UK stocks moved higher heading into the weekend thanks to more positive company results both in the UK and the US.
Overnight, online retail giant Amazon.com posted a fourth consecutive quarter of record earnings, helped by Prime subscriptions, advertising income and the strength of its web services business, sending its shares up 4% in after-market trading.
In contrast, shares in Twitter fell 11% after-market as investors were left disappointed by the firm’s advertising income and its tepid short-term revenue forecast.
On the currency markets, sterling drifted lower against the dollar to $1.3940, while gold and oil also ticked lower to $1,771 per ounce and $68.17 per barrel respectively.
At 8.30am the FTSE 100 benchmark was up 25 points or 0.4% to 6,984 points led by healthcare and utility stocks, while financials were in the losing column.
Pharmaceutical giant AstraZeneca (AZN) was the best performer on the FTSE, adding 2.8% to £76.08 after the firm reported ‘robust’ revenue growth of 15% in the first quarter driven by oncology drugs as well as its Covid vaccine.
The firm flagged its strong drug pipeline, with significant advances for its Lynparza breast cancer treatment in recent trials, and confirmed its expectation of ‘a performance acceleration’ across the group in the second half.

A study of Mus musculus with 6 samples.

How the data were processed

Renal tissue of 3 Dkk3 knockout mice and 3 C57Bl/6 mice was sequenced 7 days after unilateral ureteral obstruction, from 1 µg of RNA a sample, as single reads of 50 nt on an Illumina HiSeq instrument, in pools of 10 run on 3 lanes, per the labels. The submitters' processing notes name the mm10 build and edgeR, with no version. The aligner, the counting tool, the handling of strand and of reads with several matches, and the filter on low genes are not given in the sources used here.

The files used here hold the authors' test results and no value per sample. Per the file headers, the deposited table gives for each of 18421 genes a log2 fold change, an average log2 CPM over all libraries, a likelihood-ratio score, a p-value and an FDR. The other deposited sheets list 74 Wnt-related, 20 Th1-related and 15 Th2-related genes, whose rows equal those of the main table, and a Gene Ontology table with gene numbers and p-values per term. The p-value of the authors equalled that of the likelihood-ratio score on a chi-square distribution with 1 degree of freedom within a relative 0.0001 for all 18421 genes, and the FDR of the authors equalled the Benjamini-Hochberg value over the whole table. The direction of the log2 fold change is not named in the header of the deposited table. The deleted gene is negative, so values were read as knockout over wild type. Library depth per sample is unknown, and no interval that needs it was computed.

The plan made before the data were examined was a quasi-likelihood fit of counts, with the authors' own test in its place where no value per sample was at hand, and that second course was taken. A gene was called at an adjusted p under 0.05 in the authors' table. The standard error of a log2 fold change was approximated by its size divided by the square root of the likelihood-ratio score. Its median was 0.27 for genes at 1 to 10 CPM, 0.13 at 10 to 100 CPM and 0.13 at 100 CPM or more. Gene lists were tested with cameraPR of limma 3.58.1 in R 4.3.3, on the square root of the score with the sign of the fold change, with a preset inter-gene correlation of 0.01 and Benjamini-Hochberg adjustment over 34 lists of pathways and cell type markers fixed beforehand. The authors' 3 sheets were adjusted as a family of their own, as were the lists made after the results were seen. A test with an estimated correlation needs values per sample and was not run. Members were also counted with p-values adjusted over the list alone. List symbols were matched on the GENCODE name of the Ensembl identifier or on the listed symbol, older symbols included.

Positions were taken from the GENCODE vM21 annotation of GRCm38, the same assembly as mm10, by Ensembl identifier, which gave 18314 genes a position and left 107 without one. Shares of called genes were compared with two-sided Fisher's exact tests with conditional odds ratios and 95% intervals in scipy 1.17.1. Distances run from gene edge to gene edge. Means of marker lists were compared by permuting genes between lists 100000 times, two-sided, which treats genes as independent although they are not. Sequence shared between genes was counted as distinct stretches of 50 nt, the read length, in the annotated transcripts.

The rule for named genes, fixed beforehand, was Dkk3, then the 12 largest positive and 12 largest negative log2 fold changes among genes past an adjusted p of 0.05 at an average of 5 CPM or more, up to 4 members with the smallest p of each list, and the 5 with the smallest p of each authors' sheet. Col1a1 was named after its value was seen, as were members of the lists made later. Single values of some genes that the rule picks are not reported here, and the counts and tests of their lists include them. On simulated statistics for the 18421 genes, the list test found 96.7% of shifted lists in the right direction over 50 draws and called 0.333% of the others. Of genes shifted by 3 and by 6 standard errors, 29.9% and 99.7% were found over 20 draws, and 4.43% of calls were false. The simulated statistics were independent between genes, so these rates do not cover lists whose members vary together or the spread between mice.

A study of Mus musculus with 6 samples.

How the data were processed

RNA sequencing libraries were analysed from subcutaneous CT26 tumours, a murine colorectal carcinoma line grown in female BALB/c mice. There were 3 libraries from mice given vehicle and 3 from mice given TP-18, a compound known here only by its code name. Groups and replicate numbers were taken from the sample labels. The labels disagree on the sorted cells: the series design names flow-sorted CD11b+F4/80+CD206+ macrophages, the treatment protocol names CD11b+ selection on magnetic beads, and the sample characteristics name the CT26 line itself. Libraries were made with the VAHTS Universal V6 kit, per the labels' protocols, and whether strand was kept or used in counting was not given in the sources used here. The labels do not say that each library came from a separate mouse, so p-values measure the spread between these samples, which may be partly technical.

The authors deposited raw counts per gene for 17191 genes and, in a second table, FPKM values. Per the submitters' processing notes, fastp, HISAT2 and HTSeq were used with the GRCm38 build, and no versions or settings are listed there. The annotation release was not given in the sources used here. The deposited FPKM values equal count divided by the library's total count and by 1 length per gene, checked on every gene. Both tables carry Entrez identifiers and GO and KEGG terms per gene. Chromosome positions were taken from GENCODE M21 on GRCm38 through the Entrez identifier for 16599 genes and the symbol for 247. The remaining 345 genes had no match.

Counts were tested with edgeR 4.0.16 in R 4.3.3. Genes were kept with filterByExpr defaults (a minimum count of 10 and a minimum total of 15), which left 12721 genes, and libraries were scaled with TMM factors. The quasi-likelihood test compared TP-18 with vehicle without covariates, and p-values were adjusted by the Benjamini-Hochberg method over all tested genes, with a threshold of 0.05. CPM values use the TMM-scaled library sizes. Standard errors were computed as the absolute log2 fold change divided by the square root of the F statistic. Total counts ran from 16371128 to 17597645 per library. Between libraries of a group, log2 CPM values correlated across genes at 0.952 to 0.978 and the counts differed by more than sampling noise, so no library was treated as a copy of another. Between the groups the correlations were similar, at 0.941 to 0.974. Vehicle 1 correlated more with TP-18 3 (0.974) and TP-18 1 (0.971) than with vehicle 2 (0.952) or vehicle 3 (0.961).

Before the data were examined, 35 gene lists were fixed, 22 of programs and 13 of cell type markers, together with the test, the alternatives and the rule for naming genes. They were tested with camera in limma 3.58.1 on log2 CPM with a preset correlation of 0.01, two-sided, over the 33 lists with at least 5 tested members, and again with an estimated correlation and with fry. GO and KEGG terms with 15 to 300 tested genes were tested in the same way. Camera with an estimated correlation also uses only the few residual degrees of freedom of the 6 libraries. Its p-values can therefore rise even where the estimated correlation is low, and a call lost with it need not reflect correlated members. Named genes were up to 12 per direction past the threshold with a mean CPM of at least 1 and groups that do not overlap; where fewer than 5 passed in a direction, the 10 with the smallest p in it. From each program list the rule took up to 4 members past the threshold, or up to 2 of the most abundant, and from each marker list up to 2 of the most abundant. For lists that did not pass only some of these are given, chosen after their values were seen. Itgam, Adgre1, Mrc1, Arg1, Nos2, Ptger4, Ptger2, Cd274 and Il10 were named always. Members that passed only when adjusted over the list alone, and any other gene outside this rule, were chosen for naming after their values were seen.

Shares in FTSE rival Hikma Pharma (HIK) added 2.2% to £24.17 after the company posted a first quarter trading update saying 2021 was ‘off to a good start’ with performance in line with its expectations.
The company confirmed its forecast for injectables sales to grow by mid single digits this year and for operating margins in the 37% to 38% range, but raised its forecast for generics revenues to the top end of its previous guidance (ie $810 million) with an operating margin in the region of 20%.
Barclays (BARC), the last of the big four UK lenders to report, posted first quarter pre-tax profits of £2.4 billion, more than double last year’s £923 million and comfortably ahead of the consensus forecast of £1.76 billion.
The better results were largely due to the performance of the investment banking unit which capitalised on the boom in share trading and listings while avoiding any involvement in the Archegos or Greensill scandals.
Unlike most of its peers, the bank didn’t write back any of its £9 billion of provisions for bad loans, instead taking a notional charge of £55 million. This seemed to unnerve investors, who marked the stock down a hefty 5.3% to 178.7p.
Earnings before interest, tax, depreciation and amortisation (EBITDA) rose 20.8% to £8.8 million, while the company raised its interim dividend to 1.69p, a hike of 45.7%. Shares climbed 3.5% to 162p.
Music rights group Hipgnosis (SONG) issued another 9 million new shares at 119.5p against a closing price of 122.6p ‘to fund an investment’. While small in the grand scheme of things, the placing takes the total amount of equity capital raised since IPO to close to £750 million. Shares were almost flat at 122.4p.
Cyber security company Darktrace announced it would place its shares at 250p, giving the firm a market value of £1.7 billion or around half the amount mooted earlier this month. Unconditional dealing in the shares begins on 6 May.